Calbee said it was selling its 50% stake in the joint venture to its Filipino partner for around 170 million pesos ($3.13 million).
The chips, which arrived in Manila stores in 2015, were 40% more expensive than potato chips already offered by Universal Robina. The venture has registered lackluster sales growth and a total net loss of around 280 million pesos between 2015 and 2017.
A Calbee official told Nikkei the products were too expensive for Filipinos, a group that market research group Nielsen once described as "spontaneous snackers" who like to share food with relatives and friends.
Calbee's pullout is a blow to Universal Robina's strategy of boosting its premium product portfolio to serve the growing number of consumers with more sophisticated tastes. Universal Robina, one of the largest food and beverage purveyors in Southeast Asia, has partnered with French group Danone in beverages and acquired Griffin's Foods of New Zealand to add premium biscuits to its higher-end portfolio.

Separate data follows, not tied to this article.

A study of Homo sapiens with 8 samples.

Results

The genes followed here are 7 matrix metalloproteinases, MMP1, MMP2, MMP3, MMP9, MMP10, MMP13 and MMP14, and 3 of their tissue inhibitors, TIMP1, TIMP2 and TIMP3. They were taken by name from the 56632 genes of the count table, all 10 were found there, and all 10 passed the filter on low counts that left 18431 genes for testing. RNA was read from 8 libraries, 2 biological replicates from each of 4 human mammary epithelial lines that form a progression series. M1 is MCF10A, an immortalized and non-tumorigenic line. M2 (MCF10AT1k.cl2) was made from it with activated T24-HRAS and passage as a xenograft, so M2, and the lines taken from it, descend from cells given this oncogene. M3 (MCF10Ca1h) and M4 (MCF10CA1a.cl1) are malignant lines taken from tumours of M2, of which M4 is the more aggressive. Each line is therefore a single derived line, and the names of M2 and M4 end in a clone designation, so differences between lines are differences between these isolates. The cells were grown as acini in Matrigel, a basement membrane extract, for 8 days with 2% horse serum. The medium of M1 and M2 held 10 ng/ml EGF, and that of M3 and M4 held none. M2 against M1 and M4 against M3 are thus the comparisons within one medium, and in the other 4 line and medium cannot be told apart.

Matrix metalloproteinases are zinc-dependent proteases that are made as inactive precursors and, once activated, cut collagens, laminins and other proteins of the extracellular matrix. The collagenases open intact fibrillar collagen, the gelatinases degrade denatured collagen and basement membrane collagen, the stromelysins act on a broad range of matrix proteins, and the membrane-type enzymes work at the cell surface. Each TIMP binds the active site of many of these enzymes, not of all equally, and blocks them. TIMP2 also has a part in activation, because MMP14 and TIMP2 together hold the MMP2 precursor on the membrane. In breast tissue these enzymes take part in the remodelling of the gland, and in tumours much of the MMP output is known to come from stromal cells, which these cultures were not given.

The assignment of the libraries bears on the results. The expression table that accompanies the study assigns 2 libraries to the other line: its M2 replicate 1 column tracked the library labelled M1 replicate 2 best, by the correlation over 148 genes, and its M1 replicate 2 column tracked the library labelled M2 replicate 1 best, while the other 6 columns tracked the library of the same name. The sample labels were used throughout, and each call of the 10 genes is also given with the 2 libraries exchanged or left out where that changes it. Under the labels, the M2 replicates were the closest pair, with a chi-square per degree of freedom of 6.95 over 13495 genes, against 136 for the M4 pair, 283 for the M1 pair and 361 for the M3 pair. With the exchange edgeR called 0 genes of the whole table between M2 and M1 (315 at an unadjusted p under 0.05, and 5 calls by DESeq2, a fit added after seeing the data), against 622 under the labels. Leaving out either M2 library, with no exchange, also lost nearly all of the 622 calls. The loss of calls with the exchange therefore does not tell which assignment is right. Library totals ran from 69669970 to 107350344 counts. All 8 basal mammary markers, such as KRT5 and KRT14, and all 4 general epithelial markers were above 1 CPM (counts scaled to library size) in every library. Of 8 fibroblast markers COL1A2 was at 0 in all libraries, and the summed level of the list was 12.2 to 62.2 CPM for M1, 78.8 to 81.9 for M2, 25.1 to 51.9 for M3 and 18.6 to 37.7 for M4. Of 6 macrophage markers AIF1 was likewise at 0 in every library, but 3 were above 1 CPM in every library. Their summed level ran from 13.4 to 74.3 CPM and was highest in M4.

"We have high expectations because we are partnering with the best in Japan [to create] premium categories for the growing Filipino middle class," Universal Robina Chairman Lance Gokongwei said at a Calbee product launch back in March 2015. "As they [the middle class] get more exposed to the world, they aspire to better products."
However, in a sign of its determination to push ahead with the strategy, Universal Robina plans to continue producing and selling the products under a licensing agreement with Calbee.
Calbee is the latest Japanese consumer company to retreat from the highly competitive Philippine market. Japanese convenience store chain operator FamilyMart, which positions itself as a premium brand in Manila, and its partners sold their stake to Davao-based tycoon Dennis Uy last year.
Nikkei staff writer Jun Endo contributed to this report.